Automation as a concept can be applied to just about anything. As software plays a growing role in how we organize ourselves, and automated communication increases in sophistication and nuance, the opportunity arises for the automated organization.
Blockchain proponents were one of the first cultures to really champion and advocate for the rise of automated organizing. Doing so benefits their larger mantra of decentralization, and as a result, the concept of the Distributed Autonomous Organization (or DAO) arose.
A DAO is an automated organization, most often described as an automated corporation. Governed by smart contracts and operated by algorithms, a DAO is intended to be an entity that can function at the speed of the web.
While many DAOs exist in the loosest sense of the word, the DAO as a whole is a kind of myth, a promise or threat of an impending future where autonomous corporations rule the marketplace.
Thankfully a response to this myth has arisen, witness the emergence of the DisCO! The distributed co-operative! However before we bust a move about the DisCO, let us first break down the myth of the DAO.
One of the reasons DAOs remain a myth, is due to the spectacular failure of the first (publicized) attempt in early 2016.
The creation of this DAO started with spectacular success:
Until the DAO was hacked:
In the end the hack was resolved by reverting to earlier software that allowed the autonomous organization to be manually overridden. It was a controversial move as purists wanted the hack to stand, as a consequence of bad coding, and a testament to the automatic nature of the organization.
While the trust in this particular DAO dissolved, the trust in the concept of DAOs continues to grow.
It is worth taking a moment to point out that for many of these developers, a distributed autonomous organization is just a suite of software, most often free and open source software. Therefore once someone makes gains in developing a DAO, it doesn’t take much for someone else to copy it, iterate, and add their own modifications to what they believe an automated organization should be.
OK, that’s enough about DAO bros. Let’s move beyond the “blokechain” and on to their smarter sister who’s hanging out in the DisCO:
Inspired by the concepts behind the DAO, a the DiSCO manifesto articulates an alternative approach that integrates co-operative organizing and a need to take into consideration a lot of the emotional and care based labour that automated systems ignore.
Stacco Troncoso @StaccoP2PDownload, read and share the DisCO Manifesto: https://t.co/qtYN2pQTd1 @shareable @ntnsndr @TreborS @TheRulesOrg @TheSELC @alnoorladha @onthecommons @rushkoff @enspiral @EvonomicsMag @RichDecibels @KevinCarson1 @lilaroja @platformcoop @samerp2p @TNInstitute @ECF_tweets @procomuns https://t.co/bswgjKX1Ag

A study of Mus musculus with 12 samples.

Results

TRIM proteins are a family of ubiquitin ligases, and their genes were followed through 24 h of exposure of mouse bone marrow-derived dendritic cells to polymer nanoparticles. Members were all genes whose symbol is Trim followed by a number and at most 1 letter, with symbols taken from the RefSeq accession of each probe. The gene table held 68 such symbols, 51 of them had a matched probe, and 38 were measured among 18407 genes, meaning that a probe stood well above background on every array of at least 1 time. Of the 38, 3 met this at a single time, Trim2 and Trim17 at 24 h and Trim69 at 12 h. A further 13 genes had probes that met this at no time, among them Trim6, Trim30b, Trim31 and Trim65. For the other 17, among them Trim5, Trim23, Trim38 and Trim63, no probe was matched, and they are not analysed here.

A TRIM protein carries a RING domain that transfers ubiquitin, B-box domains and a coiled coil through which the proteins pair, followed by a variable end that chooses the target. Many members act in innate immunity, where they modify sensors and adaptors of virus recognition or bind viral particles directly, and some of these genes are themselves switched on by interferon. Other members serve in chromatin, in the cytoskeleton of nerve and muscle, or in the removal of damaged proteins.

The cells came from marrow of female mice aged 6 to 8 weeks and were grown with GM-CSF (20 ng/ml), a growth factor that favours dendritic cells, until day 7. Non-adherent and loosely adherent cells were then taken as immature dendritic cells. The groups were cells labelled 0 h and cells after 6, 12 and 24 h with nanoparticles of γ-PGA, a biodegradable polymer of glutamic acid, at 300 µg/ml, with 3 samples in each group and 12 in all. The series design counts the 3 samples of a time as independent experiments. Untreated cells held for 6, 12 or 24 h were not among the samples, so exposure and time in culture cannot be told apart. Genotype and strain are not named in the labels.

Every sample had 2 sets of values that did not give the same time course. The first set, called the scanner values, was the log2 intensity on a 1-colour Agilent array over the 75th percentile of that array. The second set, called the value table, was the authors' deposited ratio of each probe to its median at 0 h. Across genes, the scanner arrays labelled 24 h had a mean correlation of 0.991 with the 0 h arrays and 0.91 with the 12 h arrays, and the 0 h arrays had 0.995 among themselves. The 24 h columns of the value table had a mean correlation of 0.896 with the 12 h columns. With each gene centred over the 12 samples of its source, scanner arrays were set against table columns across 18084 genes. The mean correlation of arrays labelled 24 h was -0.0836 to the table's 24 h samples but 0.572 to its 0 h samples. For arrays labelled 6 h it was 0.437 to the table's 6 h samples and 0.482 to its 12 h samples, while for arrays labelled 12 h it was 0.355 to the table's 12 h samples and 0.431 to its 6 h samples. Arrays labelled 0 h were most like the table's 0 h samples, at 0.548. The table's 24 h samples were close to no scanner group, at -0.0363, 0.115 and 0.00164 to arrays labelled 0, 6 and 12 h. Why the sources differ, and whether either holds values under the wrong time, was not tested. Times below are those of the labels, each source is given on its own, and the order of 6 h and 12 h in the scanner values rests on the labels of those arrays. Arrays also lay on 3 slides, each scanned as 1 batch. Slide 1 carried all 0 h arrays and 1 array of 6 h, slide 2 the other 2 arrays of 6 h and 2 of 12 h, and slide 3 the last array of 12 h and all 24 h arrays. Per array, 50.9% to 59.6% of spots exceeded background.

Have you ever gone out dancing with a bunch of friends? If so, chances are you went to a disco, at least once or twice. How does a group of friends dance at a disco? Everyone knows, or learns by observation, some basic rules of social cooperation — avoid stepping on anyone’s feet, watch out that you don’t slam into people sharing the space around you, and please don’t micromanage the dj. But everyone can decide when and how they want to dance, whether solo, in pairs or in larger groupings. The aim is to have a good time together, and to care about each other’s well-being, too.
Inspired by the spirit of Emma Goldman the people behind the DisCO manifesto definitely want to dance their way to the revolution.
The manifesto has been in the works for several months and is the result of many years of work and organizing by the individuals and organizations supporting it.
Much like the work of this newsletter, it offers a different narrative by which to understand the opportunities afforded by newly emerging distributed technology combined with what we’ve learned from socializing our media.
The question that this report seeks to answer is how these social impulses and practices can be structured and facilitated by tech platforms, and made stable and durable. Toward this end, the report identifies seven principles that characterize distributed cooperatives:
1. Geared toward positive outcomes in key areas (such as social and environmental priorities)
3. Active creators of commons
5. Centered on care work
6. Re-imagining the origin and flow of value
7. Primed for federation
If DAOs are an extension of blockchain technology into automated organizational form, than DisCOs are what happens when humans are the intended beneficiary. DisCOs are an extension of open source technology that recognizes automation is pointless if it doesn’t empower the humans who use it.
Similarly where DAOs attempt to embrace an apolitical or depoliticized form of organization, DisCOs recognize that organizations are inherently political, and that an automatic organization should be configured accordingly.
As we explore concepts like automation, and ponder the future of work, the rising role and potential disruption by DAOs and DisCOs is something we’ll come back to.
One of the missions we’ve embraced here at #metaviews is to explore and pursue alternatives to the dominant technology platforms and companies. DisCOs definitely offer this, but in some respects so do DAOs, if configured and governed accordingly.
What do you think? What kind of automated organization do you see as being successful or uniquely able to leverage our current social media driven society?
If you could create your own DisCO or DAO what would it be?